With this week’s focus on sports PR jobs, I enlisted Chris McKinney, a 20-year sports veteran who has worked with the NFL, NBC Sports and the Dallas Mavericks, to provide his advice on how to land a sports PR job. As you can see from his Sports Career News magazine and his blog, Chris is committed to helping college students and career changers to launch sports careers. This is the first of two guest posts by Chris.
(Warning to the Reader: The strategy I’m about to layout for you is highly controversial. It may even offend some of you. It goes against everything you thought you knew about landing a job and launching a career. But I know one thing for certain: you won’t find a more effective strategy anywhere. It’s designed for the individual who has no industry contacts or inside connections, yet wants to work for the most elite teams and leagues like the NFL and the NBA. Or maybe even a top-flight Sports PR firm. Not everyone can execute this plan. But those who can, deserve a Sports PR job. And those who can’t, probably don’t.)
There are many ways to land a Sports PR job. About 16, from what I’ve discovered. But of those, there’s one way that beats them all. The best way to land a job, according to Richard Bolles, author of the No. 1 job-hunting book of all-time, What Color is Your Parachute?, is to go directly to the hiring manager of the companies you want to work for. “This method has an 86% success rate,” says Bolles. I agree. As someone who ran a sports marketing company for nearly 10 years, I learned early on that for me to survive (and ultimately thrive), I had to contact the hiring managers directly. And in my case, the “hiring manager” was actually the Sports Marketing Director. That’s the person who had the power to “hire” my company. The basic principles that work for acquiring clients are the same principles that work for landing a sports PR job.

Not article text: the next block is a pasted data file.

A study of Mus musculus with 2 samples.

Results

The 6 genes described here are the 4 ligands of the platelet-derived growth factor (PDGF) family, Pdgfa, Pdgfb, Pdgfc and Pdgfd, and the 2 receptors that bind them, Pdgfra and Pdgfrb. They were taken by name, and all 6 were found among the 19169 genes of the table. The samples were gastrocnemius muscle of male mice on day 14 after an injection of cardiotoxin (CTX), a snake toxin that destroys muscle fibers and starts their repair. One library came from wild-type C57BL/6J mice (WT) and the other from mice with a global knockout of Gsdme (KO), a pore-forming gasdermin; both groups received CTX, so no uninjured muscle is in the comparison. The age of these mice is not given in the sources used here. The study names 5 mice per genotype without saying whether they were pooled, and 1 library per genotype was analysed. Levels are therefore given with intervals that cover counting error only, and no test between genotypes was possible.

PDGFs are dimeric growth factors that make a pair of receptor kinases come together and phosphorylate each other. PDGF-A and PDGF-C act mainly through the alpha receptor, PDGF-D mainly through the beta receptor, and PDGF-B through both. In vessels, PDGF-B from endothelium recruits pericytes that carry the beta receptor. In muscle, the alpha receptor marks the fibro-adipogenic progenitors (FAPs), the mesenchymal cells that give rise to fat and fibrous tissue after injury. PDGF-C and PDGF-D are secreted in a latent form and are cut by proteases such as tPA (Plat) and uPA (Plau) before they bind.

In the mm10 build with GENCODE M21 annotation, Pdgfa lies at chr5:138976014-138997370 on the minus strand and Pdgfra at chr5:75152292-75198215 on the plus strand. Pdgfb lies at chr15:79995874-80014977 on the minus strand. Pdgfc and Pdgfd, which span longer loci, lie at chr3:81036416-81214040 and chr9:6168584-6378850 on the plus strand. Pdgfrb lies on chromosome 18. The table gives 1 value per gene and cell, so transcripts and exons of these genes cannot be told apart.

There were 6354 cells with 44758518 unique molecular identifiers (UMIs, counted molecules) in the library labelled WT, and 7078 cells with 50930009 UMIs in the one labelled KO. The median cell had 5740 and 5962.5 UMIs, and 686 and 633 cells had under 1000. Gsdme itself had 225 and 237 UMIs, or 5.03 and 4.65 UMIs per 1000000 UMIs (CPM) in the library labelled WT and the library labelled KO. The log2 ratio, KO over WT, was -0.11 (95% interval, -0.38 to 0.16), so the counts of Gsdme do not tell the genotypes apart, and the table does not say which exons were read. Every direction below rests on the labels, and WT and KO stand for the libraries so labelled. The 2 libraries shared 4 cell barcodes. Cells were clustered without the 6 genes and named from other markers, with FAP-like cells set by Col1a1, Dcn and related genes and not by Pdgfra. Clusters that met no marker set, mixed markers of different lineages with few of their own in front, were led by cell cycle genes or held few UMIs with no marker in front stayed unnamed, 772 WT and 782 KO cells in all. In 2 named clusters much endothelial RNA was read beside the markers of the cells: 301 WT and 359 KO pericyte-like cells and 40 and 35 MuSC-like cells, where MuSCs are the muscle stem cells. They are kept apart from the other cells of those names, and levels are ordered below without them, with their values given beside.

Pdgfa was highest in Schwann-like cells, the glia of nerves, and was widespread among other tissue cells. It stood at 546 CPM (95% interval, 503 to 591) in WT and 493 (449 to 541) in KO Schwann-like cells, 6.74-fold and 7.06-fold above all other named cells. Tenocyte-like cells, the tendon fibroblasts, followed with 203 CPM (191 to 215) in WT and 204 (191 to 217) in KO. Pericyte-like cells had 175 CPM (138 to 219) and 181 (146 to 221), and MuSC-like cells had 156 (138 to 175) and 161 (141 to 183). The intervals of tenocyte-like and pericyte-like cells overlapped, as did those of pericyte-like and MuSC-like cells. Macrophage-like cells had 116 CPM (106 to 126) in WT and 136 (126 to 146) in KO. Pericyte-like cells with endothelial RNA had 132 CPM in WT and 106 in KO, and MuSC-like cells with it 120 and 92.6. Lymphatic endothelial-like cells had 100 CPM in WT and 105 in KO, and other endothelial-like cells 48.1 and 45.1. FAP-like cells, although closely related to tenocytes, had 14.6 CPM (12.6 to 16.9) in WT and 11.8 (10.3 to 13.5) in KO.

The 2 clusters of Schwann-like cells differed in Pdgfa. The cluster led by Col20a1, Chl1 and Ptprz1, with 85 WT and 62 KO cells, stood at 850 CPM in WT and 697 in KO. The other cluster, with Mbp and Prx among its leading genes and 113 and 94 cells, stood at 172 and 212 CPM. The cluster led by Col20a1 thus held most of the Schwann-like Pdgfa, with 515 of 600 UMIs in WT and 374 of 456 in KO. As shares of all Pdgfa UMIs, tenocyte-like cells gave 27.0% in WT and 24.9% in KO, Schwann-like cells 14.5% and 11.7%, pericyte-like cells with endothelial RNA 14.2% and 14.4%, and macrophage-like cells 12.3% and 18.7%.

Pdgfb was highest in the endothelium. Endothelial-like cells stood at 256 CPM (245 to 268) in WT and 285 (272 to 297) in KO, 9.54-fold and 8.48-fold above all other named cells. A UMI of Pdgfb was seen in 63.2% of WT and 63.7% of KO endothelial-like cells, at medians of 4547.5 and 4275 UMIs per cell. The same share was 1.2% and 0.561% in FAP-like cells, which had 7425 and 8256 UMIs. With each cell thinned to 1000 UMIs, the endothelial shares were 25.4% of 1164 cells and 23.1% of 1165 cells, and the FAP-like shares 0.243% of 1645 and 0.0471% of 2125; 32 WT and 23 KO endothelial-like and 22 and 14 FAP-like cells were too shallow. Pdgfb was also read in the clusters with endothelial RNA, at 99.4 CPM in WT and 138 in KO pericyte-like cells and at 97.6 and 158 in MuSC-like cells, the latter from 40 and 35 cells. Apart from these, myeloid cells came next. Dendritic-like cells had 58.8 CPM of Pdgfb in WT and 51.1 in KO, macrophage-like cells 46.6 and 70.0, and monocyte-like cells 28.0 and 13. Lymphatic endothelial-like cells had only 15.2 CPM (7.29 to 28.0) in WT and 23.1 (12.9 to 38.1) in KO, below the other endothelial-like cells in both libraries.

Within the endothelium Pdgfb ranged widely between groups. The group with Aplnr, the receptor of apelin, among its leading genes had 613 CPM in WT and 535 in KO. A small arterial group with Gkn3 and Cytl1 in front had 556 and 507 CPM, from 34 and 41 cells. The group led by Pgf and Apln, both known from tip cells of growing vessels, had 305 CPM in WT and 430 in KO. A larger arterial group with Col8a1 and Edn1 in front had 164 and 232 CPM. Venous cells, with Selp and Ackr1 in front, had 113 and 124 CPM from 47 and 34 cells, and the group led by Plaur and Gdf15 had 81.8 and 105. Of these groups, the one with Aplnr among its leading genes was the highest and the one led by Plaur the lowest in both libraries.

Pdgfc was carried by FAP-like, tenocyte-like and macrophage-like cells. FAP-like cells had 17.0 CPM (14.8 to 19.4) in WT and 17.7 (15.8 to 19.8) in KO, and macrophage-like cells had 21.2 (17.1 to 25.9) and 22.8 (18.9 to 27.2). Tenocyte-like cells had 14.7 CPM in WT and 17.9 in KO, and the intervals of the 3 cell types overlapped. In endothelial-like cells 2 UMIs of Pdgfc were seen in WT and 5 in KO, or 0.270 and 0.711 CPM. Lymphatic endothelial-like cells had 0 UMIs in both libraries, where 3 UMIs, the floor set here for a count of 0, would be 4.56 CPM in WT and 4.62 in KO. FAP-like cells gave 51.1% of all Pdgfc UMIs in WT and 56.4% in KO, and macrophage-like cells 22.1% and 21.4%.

SPORTS PR EMPLOYERS. There are thousands of employers that hire Sports PR executives. Every professional sports league, sports team, and sports property–worldwide–has a PR department. So do all the major colleges. And in today’s high-stakes world of pro sports, PR firms have become more important than ever. There’s now a segment of PR firms totally dedicated to serving the sports industry. And more are popping up all over the United States. (If you want to know how to find them, shoot me an email: firstname.lastname@example.org
GETTING STARTED. Start by making a list of the top 10-20 companies or agencies you’d like to work for. (Keep in mind that 90% of all jobs are not advertised–probably higher in sports–so base your list on desire). The first two things to consider when making your list is geographical location and specific sport. Which is more important to you: the part of the country where you work, or to work within your favorite sport? (Why not both?) Also, make sure the companies you’re targeting share the same values as you. Some companies publish their Mission and Values Statements on their websites. Here’s a good example: http://www.nba.com/careers/mission_statement_article.html
NEXT STEPS. After identifying–and listing–the targeted companies, take the following steps:
Find out who hires the PR positions (first name, last name, job title)
Do homework on the company and the hiring manager (Google)
Craft a powerful pitch (about a 15-second pitch)
Practice your pitch until it’s natural (and convincing!)
Part 2 — “Who to Pitch” and “Why Your Pitch is More Important Than Your Resume” — will appear here tomorrow.